Adding Layers Using Insert and Overlay

Now you can add motion footage to your composition by using tools and techniques commonly found in nonlinear editing software. New buttons in the Footage window, for example, allow you to perform insert and overlay edits—both of which add a layer at the current time, though each affects the timeline's existing layers differently.

When you add a layer using an overlay edit, the composition's layers retain their current positions in time. The new layer is simply added as the topmost layer at the current time (Figure 4.50 and Figure 4.51).

Figure 4.50. Note the arrangement of the layers before an insert or overlay edit, as well as the position of the current time marker.


Figure 4.51. After an overlay edit, the new layer is simply added as the topmost layer at the current time.


In contrast, adding a layer via an insert edit causes the composition's existing layers to shift in time to accommodate the new layer. In other words, if the new layer is five seconds long, all layers after the current time move forward five seconds. If the current time occurs midway through a layer, the layer is split into two layers; the portion after the current time shifts forward (Figure 4.52).

Figure 4.52. After an insert edit, layers after the current time shift forward to accommodate the new layer. See how one of the layers is split at the edit point, and the portion after the edit point shifts forward.


To set source footage edit points:

1.
Option-double-click (Mac) or Alt-double-click (Windows) a motion footage item in the Project window.

The motion footage item opens in an After Effects Footage window.

2.
To set an In point, cue the current time and press the Set In button .

The In point display and the duration bar reflect the In point you set (Figure 4.53).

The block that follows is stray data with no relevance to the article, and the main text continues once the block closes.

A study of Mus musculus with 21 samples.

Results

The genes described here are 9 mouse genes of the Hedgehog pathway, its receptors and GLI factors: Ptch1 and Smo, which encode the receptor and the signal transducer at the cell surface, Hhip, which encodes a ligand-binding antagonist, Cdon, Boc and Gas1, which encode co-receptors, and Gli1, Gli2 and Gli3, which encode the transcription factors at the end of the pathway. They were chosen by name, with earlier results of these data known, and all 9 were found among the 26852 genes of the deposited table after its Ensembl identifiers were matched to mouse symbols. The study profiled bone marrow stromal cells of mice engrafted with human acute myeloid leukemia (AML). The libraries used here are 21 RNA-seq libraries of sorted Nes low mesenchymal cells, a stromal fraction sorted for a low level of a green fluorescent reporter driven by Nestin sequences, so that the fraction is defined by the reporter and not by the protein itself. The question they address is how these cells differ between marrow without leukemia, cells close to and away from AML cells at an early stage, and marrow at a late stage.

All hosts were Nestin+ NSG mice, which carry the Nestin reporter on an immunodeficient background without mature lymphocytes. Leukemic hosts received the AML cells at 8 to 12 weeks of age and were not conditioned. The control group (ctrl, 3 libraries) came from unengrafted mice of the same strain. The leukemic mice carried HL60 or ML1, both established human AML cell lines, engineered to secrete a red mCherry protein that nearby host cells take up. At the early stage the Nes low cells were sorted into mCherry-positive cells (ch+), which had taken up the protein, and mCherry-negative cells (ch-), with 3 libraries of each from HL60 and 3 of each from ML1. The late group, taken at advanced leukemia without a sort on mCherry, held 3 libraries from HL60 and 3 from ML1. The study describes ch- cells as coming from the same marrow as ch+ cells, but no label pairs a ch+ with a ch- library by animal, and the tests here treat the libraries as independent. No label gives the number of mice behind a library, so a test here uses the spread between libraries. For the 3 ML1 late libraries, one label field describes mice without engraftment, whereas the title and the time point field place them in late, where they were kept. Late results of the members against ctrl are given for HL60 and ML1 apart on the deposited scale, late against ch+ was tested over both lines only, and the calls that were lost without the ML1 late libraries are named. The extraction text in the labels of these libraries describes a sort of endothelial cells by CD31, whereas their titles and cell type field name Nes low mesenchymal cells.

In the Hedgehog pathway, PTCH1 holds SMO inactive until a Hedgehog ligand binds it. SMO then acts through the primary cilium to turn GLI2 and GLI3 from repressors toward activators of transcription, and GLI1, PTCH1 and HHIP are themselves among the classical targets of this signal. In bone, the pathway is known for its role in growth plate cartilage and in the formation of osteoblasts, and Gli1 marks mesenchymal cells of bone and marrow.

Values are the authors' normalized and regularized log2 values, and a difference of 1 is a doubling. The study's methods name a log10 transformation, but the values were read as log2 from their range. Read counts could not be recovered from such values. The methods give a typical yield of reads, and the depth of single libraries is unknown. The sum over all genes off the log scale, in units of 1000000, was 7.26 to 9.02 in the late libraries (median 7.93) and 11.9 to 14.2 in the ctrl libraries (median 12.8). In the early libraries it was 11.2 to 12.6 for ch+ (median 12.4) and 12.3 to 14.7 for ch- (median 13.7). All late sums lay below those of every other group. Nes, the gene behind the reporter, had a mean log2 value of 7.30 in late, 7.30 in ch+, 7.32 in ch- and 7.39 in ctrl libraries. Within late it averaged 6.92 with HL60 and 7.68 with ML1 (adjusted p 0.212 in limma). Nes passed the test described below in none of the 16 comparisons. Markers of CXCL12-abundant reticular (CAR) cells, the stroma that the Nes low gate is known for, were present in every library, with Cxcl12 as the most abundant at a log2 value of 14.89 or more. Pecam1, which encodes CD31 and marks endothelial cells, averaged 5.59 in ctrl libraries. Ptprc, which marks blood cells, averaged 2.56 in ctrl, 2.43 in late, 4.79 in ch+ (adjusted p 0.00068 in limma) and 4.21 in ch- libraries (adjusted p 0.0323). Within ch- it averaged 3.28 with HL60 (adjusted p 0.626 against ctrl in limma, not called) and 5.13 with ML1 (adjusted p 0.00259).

Figure 4.53. Cue the current time to the point you want the source footage to start, and click the Set In button to set the source In point.


3.
To set an Out point, cue the current time and press the Set Out button .

The Out point display and the duration bar reflect the Out point you set (Figure 4.54).

Figure 4.54. Cue the current time to the point you want the source footage to stop, and click the Set Out button to set the source Out point.


To insert or overlay a layer:

1.
Set the current time of the composition you want to add the layer to.

You can use the Go To Time command, the Time Controls palette, or the current time indicator in the Timeline window (as described in the task “Setting the Time,” earlier in this chapter).

2.
In the Footage window, set the source footage In and Out points (as described in the previous task).

Make sure the Edit Target section of the Footage window displays the name of the composition to which you want to add a layer. If the project contains more than one composition, the window displays the currently selected composition.

3.
In the Footage window, click either of the following:

Ripple Insert— If you check this option , all other layers will be shifted forward to accommodate the new layer (Figure 4.55).

Figure 4.55. Depending on the type of edit you want to perform, press the Insert or Overlay button.


Overlay— If you check this option , other layers will retain their current positions in time.

The selected footage is added to the composition as the topmost layer at the current time. Other layers' positions in time will depend on whether you selected an insert or overlay edit.

Tips

  • To learn about editing in the timeline, see Chapter 6.

  • Editors may also be pleased to know that a slip edit feature has found its way into After Effects. See chapter 6.